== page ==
They are leaving on motorcycles, in private cars, in microbuses, and even on trucks – paying exorbitant fares as public transportation services remain halted
Due to relaxed restrictions, the roads and highways of Dhaka witnessed increased traffic on Sunday.
However, people leaving the capital far outnumber those who are coming in. Not many public transportation services are currently available, so many are leaving Dhaka for home using alternative methods.
A significant number of vehicles were seen plying the roads of the capital on Sunday. The all-too-familiar sight of gridlocks was seen in some important areas of the city. Heavy traffic was seen at all entry and exit routes of Dhaka.
People are leaving the capital for their homes, in droves, due to the upcoming Eid-ul-Fitr, said holidaymakers and officials concerned.
Many organisations have announced extended holidays, and many others have shut down. So, the city dwellers are taking this opportunity to enjoy Eid festivities by taking a long holiday.
However, experts have expressed fear that the people leaving Dhaka could spread the novel coronavirus to remote areas across the country.
Many are leaving Dhaka on motorcycles, in private cars, in microbuses, and even on trucks – paying exorbitant fares as public transportation services remain halted.
Police patrols at various points in the capital were found showing relaxed restrictions.
Afsar Ali, a pharmaceutical company field officer heading towards Natore from Dhaka with his family members, was waiting for a microbus around 11am in Abdullahpur area on Sunday.
He told The Business Standard, "Microbuses are readily available, and they can take us from Abdullahpur to the east side of Jamuna Bridge. From the bridge, we will head for Sirajganj on a CNG auto-rickshaw."
"We can then journey towards Natore on another auto-rickshaw," he explained.
Afsar Ali is not alone. Every day, thousands of people are leaving Dhaka for their native homes, via Abdullahpur, using various methods.
A police sub-inspector of the Abdullahpur patrol team, said, "Not many people are entering the capital now. However, many are leaving in various ways as Eid is approaching.
"People are boarding microbuses, private cars, trucks and CNG auto-rickshaws for long journeys – a bit further than the points where police have been deployed. Law enforcement is allowing them to leave after making sure they have a valid reason to travel," he said.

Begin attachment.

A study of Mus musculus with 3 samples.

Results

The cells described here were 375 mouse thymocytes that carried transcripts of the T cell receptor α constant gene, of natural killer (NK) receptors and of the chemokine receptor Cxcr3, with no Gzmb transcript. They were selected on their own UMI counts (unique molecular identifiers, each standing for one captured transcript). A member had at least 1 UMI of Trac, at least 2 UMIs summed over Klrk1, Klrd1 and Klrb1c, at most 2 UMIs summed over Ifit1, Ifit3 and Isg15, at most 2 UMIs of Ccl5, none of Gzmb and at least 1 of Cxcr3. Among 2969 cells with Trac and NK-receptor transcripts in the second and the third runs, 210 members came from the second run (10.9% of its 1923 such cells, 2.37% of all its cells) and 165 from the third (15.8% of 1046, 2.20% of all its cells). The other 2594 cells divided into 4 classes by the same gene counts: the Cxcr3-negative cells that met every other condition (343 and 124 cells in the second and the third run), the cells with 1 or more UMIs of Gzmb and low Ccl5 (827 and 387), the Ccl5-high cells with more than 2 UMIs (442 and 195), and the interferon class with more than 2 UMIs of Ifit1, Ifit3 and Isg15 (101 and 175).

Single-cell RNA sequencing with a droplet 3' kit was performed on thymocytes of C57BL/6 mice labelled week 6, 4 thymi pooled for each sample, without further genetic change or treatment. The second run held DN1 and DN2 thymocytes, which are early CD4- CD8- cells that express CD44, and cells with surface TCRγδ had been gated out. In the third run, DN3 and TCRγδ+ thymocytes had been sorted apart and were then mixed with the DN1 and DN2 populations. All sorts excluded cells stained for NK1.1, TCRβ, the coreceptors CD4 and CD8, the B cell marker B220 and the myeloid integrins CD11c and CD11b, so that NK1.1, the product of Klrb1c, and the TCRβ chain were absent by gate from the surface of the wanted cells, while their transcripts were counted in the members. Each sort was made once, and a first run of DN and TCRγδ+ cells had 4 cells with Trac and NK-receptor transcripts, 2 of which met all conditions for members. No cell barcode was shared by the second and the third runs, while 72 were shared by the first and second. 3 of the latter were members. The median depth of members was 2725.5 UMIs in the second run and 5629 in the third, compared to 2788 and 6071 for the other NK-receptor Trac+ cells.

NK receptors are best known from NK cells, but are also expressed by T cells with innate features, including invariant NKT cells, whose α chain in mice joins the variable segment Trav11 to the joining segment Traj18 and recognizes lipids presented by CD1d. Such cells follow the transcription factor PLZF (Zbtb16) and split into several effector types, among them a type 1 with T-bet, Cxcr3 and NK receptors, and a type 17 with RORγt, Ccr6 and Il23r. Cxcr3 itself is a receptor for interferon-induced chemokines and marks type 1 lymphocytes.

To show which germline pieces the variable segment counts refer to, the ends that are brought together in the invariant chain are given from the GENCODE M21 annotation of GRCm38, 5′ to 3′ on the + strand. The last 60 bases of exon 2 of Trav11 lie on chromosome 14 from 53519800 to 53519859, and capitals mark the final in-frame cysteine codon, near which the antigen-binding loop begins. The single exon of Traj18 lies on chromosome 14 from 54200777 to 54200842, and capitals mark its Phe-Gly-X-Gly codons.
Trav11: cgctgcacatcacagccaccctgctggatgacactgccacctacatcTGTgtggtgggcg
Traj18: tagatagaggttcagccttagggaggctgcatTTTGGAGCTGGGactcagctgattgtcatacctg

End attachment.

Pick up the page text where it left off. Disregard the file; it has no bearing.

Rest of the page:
City dwellers are also leaving the capital from the Sayedabad point using different methods.
Mehedi Hassan, who works at a garment factory owned by DBL Group, was heading towards his native home in Chandpur on Sunday after his company announced a holiday.
From Sayedabad area, Mehedi will travel towards Daudkandi Bridge on a CNG auto-rickshaw. From there, another auto-rickshaw will take him directly to Haziganj.
Sharing his experience, private car driver Osman Mia said, "I am making two-three trips from Dhaka to Cumilla every day. I could not drive my vehicle on the road a few days ago, but the restrictions have relaxed now, and I am facing no issues."
"I still have to manage the police if they stop me somewhere. However, they are not causing problems and I am making good money," he said.
Officials concerned said the gathering of people planning to leave Dhaka increases at night at different entry points and bus stands of the city.
Speaking to The Business Standard, Sayedabad Bus Terminal guard Ali Mahmud said, "The police are very vigilant during the daytime, but as the night deepens, their vigilance decreases. People are taking this opportunity to leave the city."
"Trucks carrying essential commodities arrive in the capital every day, and leave at night. A large number of people are leaving the city on those trucks," he said.
Professor Dr Kanak Kanti Barua, vice-chancellor of Bangabandhu Sheikh Mujib Medical University, said, "On media and social network platforms, I have seen the methods people are using to leave Dhaka for their native homes."
"I consider the matter extremely dangerous as it will cause Covid-19 infections to soar in the country. Dhaka is home to 85 percent of the novel coronavirus patients in Bangladesh. There is a possibility that Dhaka city dwellers will spread Covid-19 to remote areas," he continued.
He added that this is a matter of great concern.
Commenting on the matter, Health and Family Welfare Secretary M Asadul Islam said, "The situation regarding people coming and leaving Dhaka is horrible."
"This issue can be avoided if those tasked with preventing people from entering and leaving the capital perform their duties sincerely," he stated.